Suicide, according to the Centers for Disease Control and Prevention, is the 10th leading cause of death in the United States. In 2013, this meant 41,149 people — more people than were killed in traffic accidents. This number is shocking enough, but Ian Rockett, a professor of epidemiology in the School of Public Health at West Virginia University, says the problem is even bigger than it appears.

Along with Eric D. Caine, chair of the Department of Psychiatry and director of the Injury Control Research Center for Suicide Prevention at the University of Rochester Medical Center, Rockett came to the conclusion that self-inflicted injury should actually be listed as the eighth leading cause of death, above kidney disease, pneumonia, and influenza.

He reasoned that there were many factors involved in determining a death by suicide that can affect how and if it is recognized as such. When a person dies, officials are called upon to determine the manner of death, and if it resulted from natural causes or injury — homicide, suicide, accident, or undetermined.

Many self-injury acts are never labeled such, though. A prime example is deaths caused by self-poisoning, which includes drug overdose. Lack of evidence or suicidal intent at the time can cause the death to be categorized as an accident or unintentional death. In addition, the way a state or county determines the cause of death varies from state to state depending on reporting systems, statutory guidelines, and other considerations.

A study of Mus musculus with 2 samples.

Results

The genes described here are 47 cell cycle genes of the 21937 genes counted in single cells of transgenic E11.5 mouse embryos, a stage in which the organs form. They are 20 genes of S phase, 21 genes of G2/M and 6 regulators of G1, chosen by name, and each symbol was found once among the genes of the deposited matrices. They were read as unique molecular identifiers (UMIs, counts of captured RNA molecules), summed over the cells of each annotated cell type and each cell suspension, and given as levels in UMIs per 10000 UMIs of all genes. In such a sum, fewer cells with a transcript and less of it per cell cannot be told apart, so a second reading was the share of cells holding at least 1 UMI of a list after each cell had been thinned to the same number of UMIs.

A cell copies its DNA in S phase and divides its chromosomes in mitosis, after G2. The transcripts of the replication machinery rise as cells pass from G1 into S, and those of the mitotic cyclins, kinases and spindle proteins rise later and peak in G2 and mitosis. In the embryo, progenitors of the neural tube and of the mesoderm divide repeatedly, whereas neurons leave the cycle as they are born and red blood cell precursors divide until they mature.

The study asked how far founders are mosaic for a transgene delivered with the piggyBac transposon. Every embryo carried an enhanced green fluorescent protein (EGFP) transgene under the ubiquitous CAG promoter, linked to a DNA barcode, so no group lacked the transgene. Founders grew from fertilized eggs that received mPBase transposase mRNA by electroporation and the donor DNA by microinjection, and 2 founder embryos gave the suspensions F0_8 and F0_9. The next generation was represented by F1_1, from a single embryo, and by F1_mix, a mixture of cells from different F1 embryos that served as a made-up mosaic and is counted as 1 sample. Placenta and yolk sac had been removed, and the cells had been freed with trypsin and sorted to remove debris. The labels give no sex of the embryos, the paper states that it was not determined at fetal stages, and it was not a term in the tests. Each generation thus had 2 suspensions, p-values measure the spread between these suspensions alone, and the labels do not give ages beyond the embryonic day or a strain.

In the piece, published in JAMA Psychiatry, Rockett and Caine explan that separating drug-intoxication suicides from those labeled as unintentional death “masks the overall magnitude of fatalities arising from deliberate, self-destructing behaviors.”

They go on to say that this misclassification stifles the urgency for effective preventive measures and interventions. The nation is experiencing an epidemic of drug-poisoning deaths, and this issue is particularly harmful.

“Dr. Caine and I believe that it hurts the search for understanding and prevention if the self-injury category arbitrarily is split into suicides and so-called ‘accidents,’ when most drug-intoxication deaths involve self-harm and deliberate behaviors,” Rockett said in a press release.

He says that in many opioid-related overdose deaths, life circumstances and behaviors were often similar to those we label as suicide. The only difference is that the intent to die was more clearly expressed in some cases.

“We must begin to recognize and address the growth of deaths from self-harm through sustained interest, concern and action,” Rockett said. “Successful prevention and treatment of drug abuse and misuse will have a positive multiplier effect psychologically, socially, and economically.”

Source: Rockett I, Caine E. Self-Injury Is The Eighth Leading Cause Of Death In The United States, It Is Time To Pay Attention. JAMA Psychiatry. 2015.